Why I Wrote Co-Parenting from the Inside Out: Voices of Moms and Dads

Why I Wrote Co-Parenting from the Inside Out: Voices of Moms and Dads

Posted on December 12 by Karen L. Kristjanson

Creating a new life which supported my children and me while surviving tidal waves of emotion was hard and lonely.

I only realized how alone I felt after stumbling on three pages in a book which told of a mother’s experience helping her sons take part in their dad’s remarriage ceremony. Reassured and comforted, I knew I was not alone.

I read and reread those pages, savouring the nuances of messiness and bittersweet feelings described. It reminded me of our Christmas mornings, when the boys’ dad would come to my home so we could all four open gifts by the tree. After presents and breakfast, John and the boys would head off to join his family for Christmas dinner. I was grateful that we could share the ritual of morning gifts, and I knew the boys would have a great time with John’s family later. My heart always twisted as I stood waving at the door, “Good-bye – Merry Christmas!”

Getting concrete acknowledgement – proof that others felt as I did – softened something tight and fearful inside me. It helped me accept my situation and feel more optimistic.

I urgently wanted more stories; I had only a taste of others’ experiences. What happened inside parents as they navigated this difficult passage? How did they think, feel, and make decisions? I decided it would be my job to find those stories and record them to support other co-parents.

Armed with a set of interview questions gleaned from my own social psychology training and help from a psychologist, I put the word out that I was seeking co-parents to talk to.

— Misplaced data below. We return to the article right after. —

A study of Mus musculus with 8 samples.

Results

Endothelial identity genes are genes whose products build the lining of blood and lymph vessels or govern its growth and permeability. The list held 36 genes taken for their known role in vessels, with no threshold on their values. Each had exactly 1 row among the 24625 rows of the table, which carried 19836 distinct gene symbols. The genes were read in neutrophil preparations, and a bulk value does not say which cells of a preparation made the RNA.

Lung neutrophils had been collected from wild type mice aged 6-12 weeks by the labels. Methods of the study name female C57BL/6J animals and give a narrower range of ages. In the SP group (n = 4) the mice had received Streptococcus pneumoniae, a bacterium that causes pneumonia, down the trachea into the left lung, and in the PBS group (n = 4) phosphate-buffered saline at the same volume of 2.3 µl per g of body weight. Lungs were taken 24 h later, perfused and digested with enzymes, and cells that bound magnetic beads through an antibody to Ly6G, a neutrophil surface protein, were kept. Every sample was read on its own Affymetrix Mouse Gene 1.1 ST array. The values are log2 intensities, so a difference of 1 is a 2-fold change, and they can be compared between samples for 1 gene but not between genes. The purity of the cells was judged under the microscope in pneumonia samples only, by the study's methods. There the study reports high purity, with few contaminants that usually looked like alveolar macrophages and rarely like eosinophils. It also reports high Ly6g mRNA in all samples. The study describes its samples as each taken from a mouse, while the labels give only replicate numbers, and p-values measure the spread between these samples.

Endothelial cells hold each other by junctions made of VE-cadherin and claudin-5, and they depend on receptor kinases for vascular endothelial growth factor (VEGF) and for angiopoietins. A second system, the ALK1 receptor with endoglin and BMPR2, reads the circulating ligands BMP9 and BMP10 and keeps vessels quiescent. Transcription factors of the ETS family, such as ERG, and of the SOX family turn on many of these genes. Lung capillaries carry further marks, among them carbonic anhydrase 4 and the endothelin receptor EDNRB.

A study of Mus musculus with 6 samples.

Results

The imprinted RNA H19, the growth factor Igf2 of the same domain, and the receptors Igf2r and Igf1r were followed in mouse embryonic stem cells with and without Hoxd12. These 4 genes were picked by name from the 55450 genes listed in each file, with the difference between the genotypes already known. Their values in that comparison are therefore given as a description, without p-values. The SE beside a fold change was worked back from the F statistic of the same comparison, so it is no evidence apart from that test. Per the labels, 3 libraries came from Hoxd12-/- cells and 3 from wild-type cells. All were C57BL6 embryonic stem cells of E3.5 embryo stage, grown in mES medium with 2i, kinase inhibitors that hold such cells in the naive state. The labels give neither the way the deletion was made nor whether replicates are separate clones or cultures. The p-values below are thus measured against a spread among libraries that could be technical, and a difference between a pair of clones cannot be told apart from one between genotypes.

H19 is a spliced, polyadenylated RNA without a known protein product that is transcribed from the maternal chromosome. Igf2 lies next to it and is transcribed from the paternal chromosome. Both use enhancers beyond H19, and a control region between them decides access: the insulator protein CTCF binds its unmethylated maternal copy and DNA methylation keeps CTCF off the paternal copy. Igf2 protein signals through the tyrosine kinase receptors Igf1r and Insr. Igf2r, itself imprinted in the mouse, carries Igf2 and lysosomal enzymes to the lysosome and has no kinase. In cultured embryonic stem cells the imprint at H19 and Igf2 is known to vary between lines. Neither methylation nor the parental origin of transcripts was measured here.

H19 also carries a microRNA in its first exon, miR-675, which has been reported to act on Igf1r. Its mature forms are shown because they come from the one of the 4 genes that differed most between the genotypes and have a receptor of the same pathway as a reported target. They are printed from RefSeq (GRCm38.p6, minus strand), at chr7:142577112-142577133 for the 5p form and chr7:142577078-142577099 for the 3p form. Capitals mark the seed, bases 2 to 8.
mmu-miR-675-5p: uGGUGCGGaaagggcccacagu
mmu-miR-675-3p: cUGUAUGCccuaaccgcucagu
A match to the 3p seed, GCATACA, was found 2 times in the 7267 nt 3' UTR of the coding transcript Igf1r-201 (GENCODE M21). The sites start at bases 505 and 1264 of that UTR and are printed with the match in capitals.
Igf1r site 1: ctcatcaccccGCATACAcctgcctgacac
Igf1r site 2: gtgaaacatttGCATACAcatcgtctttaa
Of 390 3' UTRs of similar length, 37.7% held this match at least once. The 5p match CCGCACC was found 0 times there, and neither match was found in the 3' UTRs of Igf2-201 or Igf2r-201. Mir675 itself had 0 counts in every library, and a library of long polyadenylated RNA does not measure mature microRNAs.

Each interview was a revelation. While I had found my own experience difficult, listening deeply to what others had encountered made my heart ache. Co-parents whose children had special needs and those in protracted high-conflict divorces often faced daunting long-term struggles. Yet they persisted and grew, and brought about better outcomes for their families than might otherwise have happened.

A few interviews left me lighter. These co-parents’ early acceptance of what was happening helped them find alternatives which satisfied both them and their exes.

Growth was the thread that offered hope as I listened to the forty-two moms and dads. Over and over, through turbulence, courage, and grief I heard, “I’m a stronger, more compassionate person than before and that makes me a better parent.”

Those words would have sustained me as an anxious co-parent; I hope my book will support those doing that same important work.

Karen L. Kristjanson

Posted by Dundurn Guest on February 21, 2017

Karen L. Kristjanson

Karen L. Kristjanson, M.Sc., M.A., is a professional life coach, writer, and member of Leading Women for Shared Parenting. A co-parent herself, she has over thirty years’ experience supporting adults tackling change. Kristjanson writes for Divorce Magazine and Huffington Post Canada. She lives in Surrey, British Columbia.